About VSCO Girls

Who are the famous VSCO Girls?


Larry Bonilla, Photography Manager

Although unknown to people, VSCO (Visual Supply Company) is actually a photograph application where people can share pictures online. It is similar to Instagram, while instead of focusing on Modeling and Personal Activities, it focuses on having authentic and/or aesthetically pleasing pictures of nature, people and basic lifestyle.    

Due to the nature of TikTok’s user base, they focus on an unofficial term known as ‘TikTok Fame’, where they grow popular through any means. Organically one can come up with interesting, and original content to make short videos in order to attract people. Or one could follow trends, so they can ‘cheaply’ grow more popular. And this is where VSCO comes in. To TikTok, VSCO was a goldmine of unlimited ideas.

During the spring of 2019, a popular 2015 video resurfaced where one said: ‘And I Oop’, which would soon be shortened to ‘Anioop’. It essentially means the same thing as ‘yikes’ while being subtle. And soon, after being heavily influenced by TikTok, people would legitimately talk like this.

When school wrapped up in the spring of 2019, people could spend their time trying to grow famous on TikTok. One popular way people did this was through the rising trend of the VSCO Hangout. But what is a VSCO Hangout? Well, it’s where girls would create a space for their friends to have hangouts or sleepovers in. One popular trend involved turning an outdoor trampoline in their backyard, old attic or old shed into a hangout by adding things like comfy cushions, string light, beanbags, and authentic tapestries. They’d share the process of revamping their hangout on TikTok, Instagram, and/or on VSCO. This was actually a very interesting way people showed their ‘Teen Summer’ and the videos were well-received on TikTok. Girls who did this would be known as a ‘VSCO Girl’ (taken as either complementary or derogatory title). However, this is not the exact same as the modern version of a VSCO Girl.

As the summer progressed, and school started to approach, girls (usually from the class of 2022-2024) would display their new-found trait of  ‘quirky-ness’ by revealing the new style and interests. Some of which included falsely displaying themselves following the #SaveTheTurtles movement, by merely doing the minimum of recycling, and using portable metal straws. 

The trend had taken a full swing when kids started to return back to school during early August, and upperclassmen and underclassmen alike noticed that there was a new stereotype from the result of TikTok. VSCO GIRLS. Here is how to identify a VSCO Girl:  an oversized shirt that covers their shorts making you ask yourself if the girls are even wearing shorts at all (or the alternative of ‘tubed tops’), very short Nike shorts or jean shorts, Vans shoes, or Birkenstocks sandals, an abnormal amount of scrunchies on their wrists, usually a messy bun, shell necklaces, sometimes has a lanyard that their metal straw pocket, a Hydroflask (sometimes attached to it would be a long line of friendship bracelets) and a Fjallraven Kanken backpack.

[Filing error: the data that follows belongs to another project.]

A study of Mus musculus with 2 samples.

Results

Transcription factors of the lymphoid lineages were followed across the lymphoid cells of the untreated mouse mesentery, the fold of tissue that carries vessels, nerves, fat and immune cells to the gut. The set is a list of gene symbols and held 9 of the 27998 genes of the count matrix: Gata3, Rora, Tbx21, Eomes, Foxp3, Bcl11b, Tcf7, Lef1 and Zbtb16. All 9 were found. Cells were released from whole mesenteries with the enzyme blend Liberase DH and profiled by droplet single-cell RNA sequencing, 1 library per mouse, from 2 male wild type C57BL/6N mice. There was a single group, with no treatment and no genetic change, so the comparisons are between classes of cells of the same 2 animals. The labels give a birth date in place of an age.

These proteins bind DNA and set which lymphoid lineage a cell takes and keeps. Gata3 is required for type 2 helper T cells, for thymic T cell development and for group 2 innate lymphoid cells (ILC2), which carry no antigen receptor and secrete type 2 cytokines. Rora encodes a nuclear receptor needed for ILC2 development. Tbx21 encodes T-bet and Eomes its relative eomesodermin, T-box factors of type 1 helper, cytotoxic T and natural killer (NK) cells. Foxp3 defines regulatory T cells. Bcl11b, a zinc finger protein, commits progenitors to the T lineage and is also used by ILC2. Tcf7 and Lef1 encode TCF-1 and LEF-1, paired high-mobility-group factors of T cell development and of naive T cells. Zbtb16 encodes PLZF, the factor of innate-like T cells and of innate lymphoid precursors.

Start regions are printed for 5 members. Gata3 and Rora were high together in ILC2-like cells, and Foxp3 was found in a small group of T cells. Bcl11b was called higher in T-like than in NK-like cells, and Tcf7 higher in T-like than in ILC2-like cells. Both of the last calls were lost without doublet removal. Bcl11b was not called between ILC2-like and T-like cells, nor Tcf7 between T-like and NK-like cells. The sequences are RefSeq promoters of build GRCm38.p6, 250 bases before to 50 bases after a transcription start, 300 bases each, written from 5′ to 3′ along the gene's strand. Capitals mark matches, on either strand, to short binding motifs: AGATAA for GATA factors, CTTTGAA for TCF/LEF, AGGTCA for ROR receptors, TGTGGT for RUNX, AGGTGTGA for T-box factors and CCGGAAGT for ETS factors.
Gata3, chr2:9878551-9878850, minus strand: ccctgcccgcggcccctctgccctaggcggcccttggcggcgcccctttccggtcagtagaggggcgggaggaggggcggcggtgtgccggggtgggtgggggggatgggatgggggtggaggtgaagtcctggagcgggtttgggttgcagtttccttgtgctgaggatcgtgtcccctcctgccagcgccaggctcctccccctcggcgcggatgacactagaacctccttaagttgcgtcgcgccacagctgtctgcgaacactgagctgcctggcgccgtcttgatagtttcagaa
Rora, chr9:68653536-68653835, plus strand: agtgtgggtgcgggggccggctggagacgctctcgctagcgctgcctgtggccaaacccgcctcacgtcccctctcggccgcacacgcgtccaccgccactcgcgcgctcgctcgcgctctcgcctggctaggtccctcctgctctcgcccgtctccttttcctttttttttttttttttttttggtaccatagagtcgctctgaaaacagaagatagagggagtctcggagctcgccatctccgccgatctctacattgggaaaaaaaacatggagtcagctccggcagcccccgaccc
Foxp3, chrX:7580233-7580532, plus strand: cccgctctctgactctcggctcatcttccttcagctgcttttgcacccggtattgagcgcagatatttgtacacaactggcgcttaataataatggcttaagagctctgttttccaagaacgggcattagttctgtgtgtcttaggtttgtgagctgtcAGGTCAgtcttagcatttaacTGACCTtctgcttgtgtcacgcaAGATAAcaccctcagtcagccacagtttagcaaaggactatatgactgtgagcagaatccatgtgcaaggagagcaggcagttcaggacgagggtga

But who are they really? Well, they could be described as ‘Manic Pixie Ecowarriors’, ‘Quirky Hopeless Romantics’, or ‘Basic White Girls’. They say things like ‘Anoop’ and ‘Sksksksk’. (‘sksksk’ originated from texts, where people would express themselves laughing through spamming whatever their two thumbs pressed on the keyboard, commonly being “sksksksk”). Behavior wise, they are depicted to be jumpy girls who are very adamant about being eco-friendly, and quirky. They also sometimes have ukuleles, where they play songs like Riptide by Vance Joy or the occasional Twenty One Pilots.  This is still, of course, a meme. It’s a modern stereotype associated with school (like nerds, jocks, etc).

Not every girl who wears that style of clothing is actually a ‘VSCO girl’. They aren’t as eco-warrior as the meme makes them out to be. And in fact, they can appreciate their style for what it is. Some find the term as a derogatory one, however, a few girls find the title complementary and use it as an adjective to describe themselves.